June 13, 2016

Warren Bickel
Warren Bickel

The National Cancer Institute awarded $15 million to a consortium of 10 academic institutions in four countries to assess the likely impact of current and potential future policies regulating tobacco products, including increasingly popular vaping products.

Warren Bickel, the inaugural Virginia Tech Carilion Behavioral Health Research Professor, will use $2.63 million of the major consortium research grant to examine how a person decides to use a vaporized nicotine product, such as an e-cigarette, over a conventional cigarette.

“The effects of new policies need to be understood to deal with the existing smoking problem and to manage new products,” said Bickel, who also directs the Virginia Tech Carilion Research Institute’s Addiction Recovery Research Center. “However, no current research method can adequately estimate, prior to implementation, the effects of a new regulation of the introduction of a new tobacco product on the patterns of consumption and substitution by current smokers across the various tobacco/nicotine products available in the ever more complex tobacco marketplace.”

To answer this gap in both technique and knowledge of tobacco control, Bickel and his team are introducing a novel methodology called the Experimental Tobacco Marketplace. People who smoke can volunteer to participate in controlled experiments where they can choose conventional cigarettes, vaporized nicotine, or other tobacco products under various conditions.

“By placing the mix of products, prices, and specific policies under experimental control, we can estimate the effects of novel policies under conditions that simulate real-world circumstances,” Bickel said.

Bickel and his team will test four factors influencing a person’s choice between vaporized nicotine products and conventional cigarettes: nicotine dose, extra costs, smoke-free environments, and flavors.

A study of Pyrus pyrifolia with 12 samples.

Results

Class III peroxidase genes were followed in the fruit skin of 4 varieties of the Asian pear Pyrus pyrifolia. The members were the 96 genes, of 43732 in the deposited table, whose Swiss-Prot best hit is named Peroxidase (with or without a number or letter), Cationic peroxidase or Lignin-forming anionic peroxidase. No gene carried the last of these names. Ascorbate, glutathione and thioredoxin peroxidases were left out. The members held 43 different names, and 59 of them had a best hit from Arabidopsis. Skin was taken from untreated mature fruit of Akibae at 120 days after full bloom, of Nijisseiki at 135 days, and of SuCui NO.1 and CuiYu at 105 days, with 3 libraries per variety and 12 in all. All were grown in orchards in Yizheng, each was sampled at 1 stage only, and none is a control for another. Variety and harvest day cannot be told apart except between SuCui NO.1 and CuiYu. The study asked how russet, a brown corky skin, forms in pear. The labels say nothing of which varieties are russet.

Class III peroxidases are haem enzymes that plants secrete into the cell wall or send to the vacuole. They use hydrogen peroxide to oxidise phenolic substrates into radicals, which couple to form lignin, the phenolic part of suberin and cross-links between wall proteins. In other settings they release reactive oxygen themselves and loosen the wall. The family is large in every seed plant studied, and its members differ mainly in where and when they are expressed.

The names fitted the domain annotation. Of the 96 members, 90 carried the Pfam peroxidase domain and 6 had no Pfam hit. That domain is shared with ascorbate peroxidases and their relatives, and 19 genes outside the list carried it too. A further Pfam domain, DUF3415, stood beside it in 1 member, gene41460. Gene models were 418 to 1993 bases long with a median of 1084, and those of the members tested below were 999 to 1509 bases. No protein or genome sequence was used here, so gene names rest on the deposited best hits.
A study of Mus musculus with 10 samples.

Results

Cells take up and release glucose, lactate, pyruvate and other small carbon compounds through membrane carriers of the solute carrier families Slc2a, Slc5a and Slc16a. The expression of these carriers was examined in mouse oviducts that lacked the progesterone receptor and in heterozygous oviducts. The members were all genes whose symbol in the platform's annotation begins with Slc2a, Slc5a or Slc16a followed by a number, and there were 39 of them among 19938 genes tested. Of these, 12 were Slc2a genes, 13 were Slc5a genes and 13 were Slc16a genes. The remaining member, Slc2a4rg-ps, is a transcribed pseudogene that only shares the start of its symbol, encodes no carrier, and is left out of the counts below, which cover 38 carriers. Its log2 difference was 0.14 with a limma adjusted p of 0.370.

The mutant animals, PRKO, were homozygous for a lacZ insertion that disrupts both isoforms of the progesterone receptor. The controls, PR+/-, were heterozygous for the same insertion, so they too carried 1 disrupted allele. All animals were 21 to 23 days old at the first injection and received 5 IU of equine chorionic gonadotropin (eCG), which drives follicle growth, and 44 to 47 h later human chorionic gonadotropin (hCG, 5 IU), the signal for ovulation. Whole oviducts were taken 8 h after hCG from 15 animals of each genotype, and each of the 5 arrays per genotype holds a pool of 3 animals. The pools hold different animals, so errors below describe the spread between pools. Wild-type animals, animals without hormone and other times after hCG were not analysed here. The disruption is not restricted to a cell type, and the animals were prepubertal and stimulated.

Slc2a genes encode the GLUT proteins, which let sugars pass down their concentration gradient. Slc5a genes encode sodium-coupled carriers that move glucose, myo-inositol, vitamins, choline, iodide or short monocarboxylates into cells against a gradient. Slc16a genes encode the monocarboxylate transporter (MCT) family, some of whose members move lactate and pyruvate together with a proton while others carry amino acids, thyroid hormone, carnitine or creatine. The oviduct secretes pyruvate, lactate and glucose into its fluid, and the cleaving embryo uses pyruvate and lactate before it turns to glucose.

“If a person gets enough nicotine, doesn’t have to pay extra taxes, can use the e-cigarette in places where conventional cigarettes are banned, and has several flavor options, perhaps the person will choose vaping over smoking,” Bickel said. “Maybe it will only take one of those variables to influence a person’s decision, and maybe that’s the first step toward managing a continuously growing public health problem.”

The consortium also includes researchers from the Medical University of South Carolina, Georgetown University, University of Illinois at Chicago, the State University of New York, Susquehanna University, and the Roswell Park Cancer Institute, all in the United States; the Cancer Council Victoria in Australia; the University of Waterloo in Canada; and King’s College London in England, as well as the Virginia Tech Carilion Research Institute team. Some of these scientists will investigate the risks and benefits of vaporized nicotine products.

“There is a hotly contested debate in the medical and public health communities about whether vaporized nicotine products, such as e-cigarettes, will prove to have a net positive or negative impact on population health,” said Anthony J. Alberg, a co-investigator on the grant and the interim director of the Hollings Cancer Center at the Medical University of South Carolina. “The data generated from this project will help guide decision-makers and ultimately governments as to the most prudent course of action under this complex set of circumstances.” 

The proposed studies are designed to comprehensively examine how different policies might influence the use of vaporized nicotine products and smoked tobacco products.

“The overarching goal is to develop forecasting models to estimate the population health impact of different product regulatory schemes,” Bickel said, “with the result of decreasing tobacco related mortality and morbidity.”